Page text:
Writing code isn't easy. Writing good quality code is difficult. Testing code quality is even more difficult. So what makes for good quality code and how do we test for it? The short answer is: it really depends.
As a developer, I often discuss what constitutes well-written code with other developers. Sometimes we end up agreeing, but usually it turns into a very lengthy discussion. Aspects which are thought to determine code quality include:
All of the above aspects have merit, but they could just as easily be wrong given that quality is subjective. Consider the following I have recently been working on:
There are advantages and disadvantages of each application’s quality aspects.
Application A has fewer bugs, but more work needs to go into rearranging code in order to allow for new features. Application B, on the other hand, has a higher bug rate, but can quickly accommodate new features and fixes for the bugs that do occur.
Code quality continuum
These application examples are at opposite ends of the ‘code quality continuum’, as I call it.
This continuum defines the quality aspects that constitute good quality code for each application and provides a measurable scale that allows for an objective view of each individual aspect. Besides acting as a scale, the continuum also provides the following: the rationale for each aspect, the advantages and disadvantages of being at either end of the scale and guidance on how to objectively verify the position on the scale. An example is given below.
|Rationale||The reasoning behind how this aspect applies to code quality|
|High advantage||The advantages of being at a high position on this scale|
|High disadvantage||The disadvantages of being at a high position on this scale|
|Scale (1 to 5)||Each scale position should define what it means to be at that position|
|Low advantage||The advantages of being at a low position on this scale|
|Low disadvantage||The disadvantages of being at a low position on this scale|
|Verification||How to verify an application’s position on the scale|
The aspects I am most interested in are: separation of concerns, unit test count, code coverage percentage, code coverage exclusion percentage, release frequency and bug regression. Other concerns might be expressiveness of code, comment use, etc. For now, though, I will settle for the aspects I mentioned first.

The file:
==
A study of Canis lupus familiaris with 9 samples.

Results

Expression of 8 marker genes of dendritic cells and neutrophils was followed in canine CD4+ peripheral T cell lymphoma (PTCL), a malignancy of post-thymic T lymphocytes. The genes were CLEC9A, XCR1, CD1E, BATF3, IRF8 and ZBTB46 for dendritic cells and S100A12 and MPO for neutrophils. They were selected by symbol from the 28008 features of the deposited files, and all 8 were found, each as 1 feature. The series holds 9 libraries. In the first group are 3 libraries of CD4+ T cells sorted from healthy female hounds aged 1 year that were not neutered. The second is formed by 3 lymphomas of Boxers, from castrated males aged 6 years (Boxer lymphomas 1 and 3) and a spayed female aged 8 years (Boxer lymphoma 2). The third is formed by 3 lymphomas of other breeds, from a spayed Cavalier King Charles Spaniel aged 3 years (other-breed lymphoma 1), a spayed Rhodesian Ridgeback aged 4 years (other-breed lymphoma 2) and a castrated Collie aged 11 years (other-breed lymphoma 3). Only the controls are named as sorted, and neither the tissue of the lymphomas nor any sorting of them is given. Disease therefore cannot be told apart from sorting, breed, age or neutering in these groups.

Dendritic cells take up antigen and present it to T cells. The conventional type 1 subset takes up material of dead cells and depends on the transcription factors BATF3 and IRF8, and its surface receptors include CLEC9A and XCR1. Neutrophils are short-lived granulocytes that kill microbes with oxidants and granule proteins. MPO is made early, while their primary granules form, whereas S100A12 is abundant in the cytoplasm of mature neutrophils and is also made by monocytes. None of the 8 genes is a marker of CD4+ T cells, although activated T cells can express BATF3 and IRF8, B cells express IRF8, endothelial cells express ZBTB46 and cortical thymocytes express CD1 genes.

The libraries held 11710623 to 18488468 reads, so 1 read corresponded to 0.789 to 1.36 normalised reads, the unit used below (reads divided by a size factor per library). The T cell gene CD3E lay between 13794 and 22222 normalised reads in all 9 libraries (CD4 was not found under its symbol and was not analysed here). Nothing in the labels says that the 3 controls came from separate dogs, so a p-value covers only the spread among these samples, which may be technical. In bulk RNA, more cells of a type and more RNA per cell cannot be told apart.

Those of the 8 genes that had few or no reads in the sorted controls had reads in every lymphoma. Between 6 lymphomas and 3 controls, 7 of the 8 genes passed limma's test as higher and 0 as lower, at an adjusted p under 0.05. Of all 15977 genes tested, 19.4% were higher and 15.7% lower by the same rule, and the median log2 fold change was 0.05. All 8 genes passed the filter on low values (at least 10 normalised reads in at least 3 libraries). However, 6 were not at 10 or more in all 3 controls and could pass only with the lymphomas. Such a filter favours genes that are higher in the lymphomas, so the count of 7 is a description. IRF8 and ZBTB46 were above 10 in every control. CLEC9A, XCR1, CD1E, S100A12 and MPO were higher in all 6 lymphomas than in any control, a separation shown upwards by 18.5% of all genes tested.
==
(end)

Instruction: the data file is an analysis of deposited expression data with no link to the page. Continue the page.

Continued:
Some of the aspects I mentioned above have no direct link to the actual code. However, in my experience, they are indicators of a software product’s general quality. These aspects are also often thought to constitute good code quality.
The table below provides possible definitions for several aspects.
If we take this table of code quality aspects and apply it to the applications mentioned above, we could come up with the following table.
|Application vs. code quality aspect scale||Separation of concerns||Unit test count||Release frequency||Bug regression||Avg. score|
From the table above, we can conclude the following:
Which application has the higher quality? Given the amount of data, it is still not possible to determine which application has the higher quality. The table only indicates how each application can improve on each scale aspect. To benchmark applications against each other, we would have to broaden the number of aspects on which to test each application, so as to increase the data set.
However, it is probably safe to say that an application scoring high on all aspects is of better quality than an application that scores lower.
In a real-world situation, these numbers might be used as quality gates to promote an application to production.
Code quality is subjective and can only be made objective if it is broken down into individual aspects. Each aspect needs to be assessed independently. In the future, I may look into tooling that facilitates the assertion of these quality aspects.